Since it’s the end of September, that means we’ve finally got another round of FIFA on our hands. No surprise. So, did EA actually change anything this year? Or has the series finally gone off the deep end? Well, that’s exactly what we’re about to find out in today’s review of FIFA 22.
The New Gameplay Additions of FIFA 22
Compared to last year’s edition, FIFA 22 hasn’t made the biggest of strides in terms of notable gameplay changes. Although one new feature I absolutely adore is the explosive sprint ability. Similar to the bridge skill – which has been nerfed a bit this time around – explosive sprint lets the dribbler immediately transition from a slow jog, straight into full steam ahead, flicking the ball in a direction just in front of the player. It can’t be spammed around the pitch however, as the move does have a cooldown of sorts. But it’s especially useful for forwards since counterattacks and quick breaks in FIFA 22 can absolutely devastate flat-footed defenders. Combine this with a skill move or a cheeky super knock-on or two and you can legitimately ravage the back four. On Ultimate difficulty, I was even able to make a full-pitch run with Harry Kane.
Another aspect I love is how the player can now pull off certain skill moves from the first touch. Adding another layer of strategy to the mix, as the defender has to account for several different options before the receiver’s even started moving with the ball. Second-man defending is much better this time around too. Teammates will actually add some decent pressure to the opposition, instead of that dumb, googly-eyed, ball-staring rubbish from last year. I also really enjoyed the passing of FIFA 22, because you can pull off some straight-up gold.
And not only do the general animations look super smooth, but almost every fumbled or failed passing attempt hardly ever felt like it was the result of the FIFA gods cursing me with terrible accuracy. Okay, every now and then you’ll get the odd “who was that to? Row Z?” kind of thing. But overall, it just feels so intuitive. I’d be remiss not to mention how fast matches load from kick-off on PC as well. It only takes about two seconds after selecting the kits and pressing start to get the ball rolling. A very tidy upgrade from FIFA 21.
FIFA 22’s Double-Edged Sword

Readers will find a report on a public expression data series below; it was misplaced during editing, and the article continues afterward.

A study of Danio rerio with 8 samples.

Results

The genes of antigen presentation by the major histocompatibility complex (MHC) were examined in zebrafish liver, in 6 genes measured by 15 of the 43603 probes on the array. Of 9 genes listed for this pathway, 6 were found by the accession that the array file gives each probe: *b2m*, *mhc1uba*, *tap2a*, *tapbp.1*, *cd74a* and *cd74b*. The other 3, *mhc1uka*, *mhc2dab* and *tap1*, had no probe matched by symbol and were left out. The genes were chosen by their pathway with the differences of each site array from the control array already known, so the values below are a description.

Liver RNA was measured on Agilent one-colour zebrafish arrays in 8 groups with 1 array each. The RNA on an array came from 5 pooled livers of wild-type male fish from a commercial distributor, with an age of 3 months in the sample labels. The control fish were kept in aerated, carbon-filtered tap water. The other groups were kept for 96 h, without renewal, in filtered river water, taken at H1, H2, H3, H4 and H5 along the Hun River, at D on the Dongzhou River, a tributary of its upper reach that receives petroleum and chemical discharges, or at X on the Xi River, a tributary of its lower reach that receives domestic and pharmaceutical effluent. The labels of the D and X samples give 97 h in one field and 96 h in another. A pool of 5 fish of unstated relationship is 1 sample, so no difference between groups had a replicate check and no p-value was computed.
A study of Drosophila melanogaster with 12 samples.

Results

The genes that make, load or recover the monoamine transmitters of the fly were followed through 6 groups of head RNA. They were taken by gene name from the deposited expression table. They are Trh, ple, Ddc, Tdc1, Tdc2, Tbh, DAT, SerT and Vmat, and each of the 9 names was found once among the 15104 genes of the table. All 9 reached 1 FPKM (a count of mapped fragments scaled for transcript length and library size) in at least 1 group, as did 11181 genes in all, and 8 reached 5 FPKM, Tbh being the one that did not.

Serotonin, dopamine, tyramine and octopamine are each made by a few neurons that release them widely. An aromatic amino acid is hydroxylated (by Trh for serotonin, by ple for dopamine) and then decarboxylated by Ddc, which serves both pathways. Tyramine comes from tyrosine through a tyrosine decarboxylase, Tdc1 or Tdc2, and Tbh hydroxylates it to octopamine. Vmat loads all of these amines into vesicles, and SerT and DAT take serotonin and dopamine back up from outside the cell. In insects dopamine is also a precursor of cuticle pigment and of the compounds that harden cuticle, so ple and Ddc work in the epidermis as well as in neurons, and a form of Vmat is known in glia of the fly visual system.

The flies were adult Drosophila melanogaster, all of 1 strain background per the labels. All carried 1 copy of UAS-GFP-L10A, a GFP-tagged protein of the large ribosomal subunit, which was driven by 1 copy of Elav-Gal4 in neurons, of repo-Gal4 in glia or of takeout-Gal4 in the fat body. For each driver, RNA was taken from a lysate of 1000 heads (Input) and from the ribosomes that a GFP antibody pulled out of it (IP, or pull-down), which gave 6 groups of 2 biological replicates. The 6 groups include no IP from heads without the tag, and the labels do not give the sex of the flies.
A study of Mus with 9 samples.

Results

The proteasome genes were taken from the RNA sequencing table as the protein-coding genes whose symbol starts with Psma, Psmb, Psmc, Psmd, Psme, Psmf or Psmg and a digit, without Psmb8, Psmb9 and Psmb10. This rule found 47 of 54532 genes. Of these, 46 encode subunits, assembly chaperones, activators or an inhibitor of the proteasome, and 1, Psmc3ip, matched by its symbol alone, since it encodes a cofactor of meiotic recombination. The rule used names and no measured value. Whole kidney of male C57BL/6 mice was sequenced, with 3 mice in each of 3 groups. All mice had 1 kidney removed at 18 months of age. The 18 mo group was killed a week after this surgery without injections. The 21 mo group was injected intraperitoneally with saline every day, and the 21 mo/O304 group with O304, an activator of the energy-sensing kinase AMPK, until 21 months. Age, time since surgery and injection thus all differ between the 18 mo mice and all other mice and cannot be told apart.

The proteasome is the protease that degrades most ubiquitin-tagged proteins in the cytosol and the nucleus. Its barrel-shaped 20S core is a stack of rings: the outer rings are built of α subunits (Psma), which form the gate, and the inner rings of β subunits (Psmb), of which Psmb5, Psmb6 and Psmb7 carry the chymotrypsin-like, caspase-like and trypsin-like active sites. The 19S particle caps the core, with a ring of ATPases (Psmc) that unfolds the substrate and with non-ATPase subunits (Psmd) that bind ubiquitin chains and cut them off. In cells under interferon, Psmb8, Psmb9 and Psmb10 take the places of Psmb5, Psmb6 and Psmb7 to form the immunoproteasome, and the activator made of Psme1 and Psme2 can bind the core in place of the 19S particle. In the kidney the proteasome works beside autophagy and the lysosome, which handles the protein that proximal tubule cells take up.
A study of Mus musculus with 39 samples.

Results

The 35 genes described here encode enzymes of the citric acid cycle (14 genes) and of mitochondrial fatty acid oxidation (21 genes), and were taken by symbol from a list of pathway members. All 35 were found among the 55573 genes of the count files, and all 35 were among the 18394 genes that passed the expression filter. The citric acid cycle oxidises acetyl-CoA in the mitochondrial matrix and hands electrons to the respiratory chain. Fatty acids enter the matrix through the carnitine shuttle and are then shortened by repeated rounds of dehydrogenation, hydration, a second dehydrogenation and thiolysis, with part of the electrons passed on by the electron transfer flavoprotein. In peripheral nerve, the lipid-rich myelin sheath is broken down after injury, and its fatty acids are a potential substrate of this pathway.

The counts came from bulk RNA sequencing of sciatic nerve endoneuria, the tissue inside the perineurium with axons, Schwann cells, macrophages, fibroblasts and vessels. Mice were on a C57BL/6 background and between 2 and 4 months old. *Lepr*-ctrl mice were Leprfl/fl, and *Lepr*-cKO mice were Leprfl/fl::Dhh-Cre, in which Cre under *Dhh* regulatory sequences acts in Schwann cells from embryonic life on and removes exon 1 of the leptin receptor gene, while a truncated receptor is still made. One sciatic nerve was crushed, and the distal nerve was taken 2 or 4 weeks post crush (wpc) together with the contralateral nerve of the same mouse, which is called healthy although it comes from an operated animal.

However, what I don’t care for as much in FIFA 22 is the AI defence, especially on Legendary and Ultimate – they’re just too damn good sometimes! These guys stick to their formation like their lives depend on it. You’ll all too often find that if you prioritise build-up play in the middle attacking third, pretty much every passing lane will be blocked off or be made significantly difficult to find a breakthrough. And as much as I was praising the second-man defending and sprint abilities before, actually defending against the souped-up AI using these techniques is the equivalent of trying to stop a stampede of bulls. At the drop of a hat, they’ll just be like “nup, we’re scoring now” and there’s literally NOTHING you can do about it.
Moving over to Manager mode; it’s basically exactly the same as last year. Coaches and agents remain super creepy-looking and still just awkwardly mouth dialogue at each other, like they’re having the most passive-aggressive conversation you’ve ever seen. But in all seriousness, I think this mode’s already good enough as is. One notable change is that you can now build up a team of nobodies from scratch in FIFA 22 with all sorts of customisation options. From designing the club’s kit, logo, stadium, transfer budget, board expectations, etcetera. Although I always find it way more enjoyable to take an already pre-existing team to greater heights.
Volta Football Is Still No FIFA Street…
Ultimate team is back, of course…
Moving on, Volta Football has taken some baby steps towards the FIFA Street 2 style we all know and love, however it’s still not quite there yet. A new game-breaker-like power up gives players a temporary boost in stats like shooting and pace, and it definitely makes Volta more fun and arcade-y. I just wish they’d bring back the game-breaker system of the old-school FIFA Streets, because they actually made performing tricks worth something, other than simply looking cool. The best part about Volta though – hands down – is that there’s none of that garbage story stuff from FIFA 21. Instead, it’s just no-nonsense gameplay with Volta Battles against the AI for player upgrades and personalisation, as well as the online Squad matches and Arcade mode.
The latter being quite an amusing addition, as you can play all sorts of silly street-style games like footy-tennis and dodgeball to improve your player’s skills. The only thing is, why did EA restrict Arcade mode exclusively to weekends? I don’t think I’ll ever understand the logic there. However, I do like how they’ve introduced a skill-tree system for the player’s avatar in Volta and Player Career, as the unlockable perks can make a measurable difference on the outcome of a match.
FIFA 21 marked several key improvements out of the box, but even though there’s been a couple of changes to the various game modes of FIFA 22, it ultimately feels like a double-edged sword of sorts. For almost every positive new addition, there seems to be a related aspect that unfortunately falls flat or holds back key features in some way. FIFA 22 has had a fairly modest impact on the series in terms of evolution. But at the end of the day, with its myriad of game modes on offer, players can still find hours of footballing fun.
FIFA 22 brings a smidgen of interesting additions to the series, although a few of them recoil – for lack of a better word – upon closer examination. Manager mode is relatively the same, Ultimate Team still heavily prioritises micro-transactions and Volta Football only edges slightly closer to the glory days of FIFA Street. A decent entry overall.